6. Transportation

Mission Santa Clara served as the parish church for the first settlers of San Jose. To encourage travel between San Jose and the mission, a four-mile road, The Alameda, was built in 1799. The road was lined with irrigation ditches and willow trees. Maintenance was costly, so tolls were charged for awhile in the mid 1800s: 10 cents for buggies and $1 for stages. Still a major road today, The Alameda is a California Community Millennium Trail. 

Stagecoaches & Trolleys
The first stage service in California started in 1849 between San Jose and San Francisco. Stagecoaches crossing the Santa Cruz Mountains also stopped in Santa Clara. In 1868, a horse drawn trolley on a narrow gauge railroad was built on The Alameda, the first in the West. This line was replaced in 1888 with California's first electric trolley which ran down Franklin Street until 1938. The popular Blossom Line tour went through the orchards.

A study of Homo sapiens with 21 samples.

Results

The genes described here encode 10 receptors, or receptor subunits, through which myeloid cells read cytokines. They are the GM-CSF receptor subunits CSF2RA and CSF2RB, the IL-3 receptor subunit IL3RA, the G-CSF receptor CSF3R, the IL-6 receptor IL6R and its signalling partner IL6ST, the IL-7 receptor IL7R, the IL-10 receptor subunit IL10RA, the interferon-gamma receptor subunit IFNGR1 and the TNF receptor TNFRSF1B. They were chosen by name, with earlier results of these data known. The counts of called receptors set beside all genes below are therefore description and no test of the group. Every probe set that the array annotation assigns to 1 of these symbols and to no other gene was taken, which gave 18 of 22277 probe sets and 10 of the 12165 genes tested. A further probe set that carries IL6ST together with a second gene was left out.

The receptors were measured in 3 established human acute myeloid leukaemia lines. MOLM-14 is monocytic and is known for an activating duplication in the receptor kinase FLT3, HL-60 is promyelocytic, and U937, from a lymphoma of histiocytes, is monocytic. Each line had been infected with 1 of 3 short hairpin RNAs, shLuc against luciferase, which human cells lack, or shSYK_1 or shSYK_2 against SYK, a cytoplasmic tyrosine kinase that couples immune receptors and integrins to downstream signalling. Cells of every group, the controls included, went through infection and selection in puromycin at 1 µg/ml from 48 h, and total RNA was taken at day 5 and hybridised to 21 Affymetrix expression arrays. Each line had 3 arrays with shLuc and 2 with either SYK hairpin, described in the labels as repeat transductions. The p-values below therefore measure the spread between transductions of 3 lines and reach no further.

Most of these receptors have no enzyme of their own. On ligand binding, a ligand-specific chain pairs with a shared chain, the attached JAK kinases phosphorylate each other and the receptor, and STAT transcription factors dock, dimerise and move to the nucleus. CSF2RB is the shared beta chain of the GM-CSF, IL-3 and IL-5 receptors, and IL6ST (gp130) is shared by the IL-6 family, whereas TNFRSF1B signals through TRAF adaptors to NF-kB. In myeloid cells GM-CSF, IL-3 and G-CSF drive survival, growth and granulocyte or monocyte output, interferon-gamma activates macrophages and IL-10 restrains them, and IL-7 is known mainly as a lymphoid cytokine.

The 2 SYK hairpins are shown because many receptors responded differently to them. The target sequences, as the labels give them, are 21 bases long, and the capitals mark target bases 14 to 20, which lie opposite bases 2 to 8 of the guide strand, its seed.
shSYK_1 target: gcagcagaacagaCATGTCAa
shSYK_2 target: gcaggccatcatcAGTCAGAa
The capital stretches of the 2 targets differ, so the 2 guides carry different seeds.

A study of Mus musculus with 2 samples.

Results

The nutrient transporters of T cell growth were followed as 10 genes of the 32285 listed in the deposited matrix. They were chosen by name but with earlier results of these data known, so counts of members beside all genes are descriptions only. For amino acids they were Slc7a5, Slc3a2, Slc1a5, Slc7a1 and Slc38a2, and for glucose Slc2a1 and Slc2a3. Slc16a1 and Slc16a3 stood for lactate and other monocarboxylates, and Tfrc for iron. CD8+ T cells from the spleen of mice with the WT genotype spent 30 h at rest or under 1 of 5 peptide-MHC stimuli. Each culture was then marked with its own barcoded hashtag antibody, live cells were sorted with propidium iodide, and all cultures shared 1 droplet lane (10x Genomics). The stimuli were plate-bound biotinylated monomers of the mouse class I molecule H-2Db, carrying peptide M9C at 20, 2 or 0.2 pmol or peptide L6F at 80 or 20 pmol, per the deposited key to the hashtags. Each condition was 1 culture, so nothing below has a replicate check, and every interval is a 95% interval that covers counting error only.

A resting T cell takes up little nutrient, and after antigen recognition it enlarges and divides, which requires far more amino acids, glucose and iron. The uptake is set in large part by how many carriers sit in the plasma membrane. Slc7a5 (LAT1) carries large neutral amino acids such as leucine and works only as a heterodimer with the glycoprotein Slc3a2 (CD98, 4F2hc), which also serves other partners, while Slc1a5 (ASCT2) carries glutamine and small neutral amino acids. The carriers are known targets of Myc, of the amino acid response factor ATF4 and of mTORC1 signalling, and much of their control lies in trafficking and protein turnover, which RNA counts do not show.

The San Francisco and San Jose Railroad began service in 1864 and Santa Clara was one of only two depots along the way. The Santa Clara Depot is the oldest continually operating station in the West and is on the National Register of Historic Places. Mail, freight and passenger trains such as the Coast Daylight, Lark, Del Monte and Suntan Special operated through this junction. 

As Santa Clara grew, better roads were needed. Local streets in the Old Quad area were paved in the early 1900s and streets connecting Santa Clara to other towns became major roads. Farming roads like Homestead, Lawrence Station, and Stevens Creek evolved into the thoroughfares of today. In the 1960s the County of Santa Clara started the expressway system to serve commuters traveling between home and work in Silicon Valley.